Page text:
Mid-April in northern Vermont, dusk falls, the sky turns grey. My house glows a little against the dark. The thermometer had peaked above fifty and now falls to the thirties.
Inside, the wood stove still burns. I walk into the night, to the wood shed. Arm-load by arm-load, I pace the dimensions of a season, five cords by twenty-six weeks. Half a year! This fire has burned almost continuously since fall, each morning’s embers raked and kindled anew, tonight’s flame direct kin from the match struck in October.
The fire burned from November through January, blazing against deepening darkness and cold. Winter seeped around locked doors and windows, a glacial rebuke against the stove’s fiercest inferno. Sometime in February, a balance emerged between heat and snow. And now, into spring, the stove holds the upper hand. Finally, the house is hot. In fact, increasingly the house is too hot, and I shed layers. Yet still I feed the stove: the novelty of so much heat outweighs any discomfort.
My home is a small two-story farm house from the 1820s. The stove sits centrally, in the living room, attempting to heat the entire house. A propane furnace in the basement kicks on in the dead of night, when the logs have burned to embers, but otherwise the stove carries the greatest burden, working non-stop shifts. The fire becomes the center of winter activity: eating, reading, writing, resting, talking, gaming, music, coffee, tea, beer, all unroll in the stove’s warm light.
Patterns of flame fascinate and mesmerize, like waves crashing at the shore. There is an expression, “like a moth to the flame,” but in truth a fire draws all of us, we are all like moths to flame. We all want to lie in the heat that becomes too hot. We gaze into the fire and enjoy a gentle hypnosis. Witness Hank and Rosie, basking in heat, peering to the fire in canine contemplation:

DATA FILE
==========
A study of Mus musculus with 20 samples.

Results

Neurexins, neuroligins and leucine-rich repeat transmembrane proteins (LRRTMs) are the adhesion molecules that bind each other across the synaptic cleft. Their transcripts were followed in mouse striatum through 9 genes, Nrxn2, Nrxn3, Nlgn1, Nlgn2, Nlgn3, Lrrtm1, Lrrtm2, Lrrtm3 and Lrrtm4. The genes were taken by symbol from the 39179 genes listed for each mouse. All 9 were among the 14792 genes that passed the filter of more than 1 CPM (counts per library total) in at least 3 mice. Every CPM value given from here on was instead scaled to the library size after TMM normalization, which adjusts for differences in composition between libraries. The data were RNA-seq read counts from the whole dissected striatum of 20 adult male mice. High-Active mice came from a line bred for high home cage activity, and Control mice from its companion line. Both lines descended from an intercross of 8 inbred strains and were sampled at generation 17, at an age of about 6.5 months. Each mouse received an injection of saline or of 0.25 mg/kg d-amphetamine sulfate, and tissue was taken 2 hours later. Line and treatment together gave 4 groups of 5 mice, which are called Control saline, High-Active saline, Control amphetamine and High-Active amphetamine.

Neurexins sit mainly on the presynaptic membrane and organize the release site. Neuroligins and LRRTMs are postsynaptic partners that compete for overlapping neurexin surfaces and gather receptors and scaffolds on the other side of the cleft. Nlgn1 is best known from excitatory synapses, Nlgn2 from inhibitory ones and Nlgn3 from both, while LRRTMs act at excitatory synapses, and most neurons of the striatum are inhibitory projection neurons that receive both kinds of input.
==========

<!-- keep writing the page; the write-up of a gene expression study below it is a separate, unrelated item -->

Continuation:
The ancient Greeks believed fire was one of four fundamental elements, alongside earth, air, and water. Only fire permits a somewhat intimate approach. The magnificence of mountains and oceans cannot be captured in my living room, but man has lived with fire since the first cave dwellings. Perhaps this explains fire’s primordial fascination, a force that is awesome and ancient yet somehow our fellow traveller through the ages, a welcome and warming companion.
With spring’s arrival, soon I’ll let the fire die. It will be nice to forget the associated chores — carrying wood, emptying ashes, sweeping up stray bits of bark and cinder — and good to open windows to the breeze. It will also be nice in a week, when my clothing loses its smokey scent, and this may improve my social standing. In May, the chimney man will come to inspect and sweep the chimney. And the stove, the glowing centerpiece for six full months, will sit dark and quiet until fall.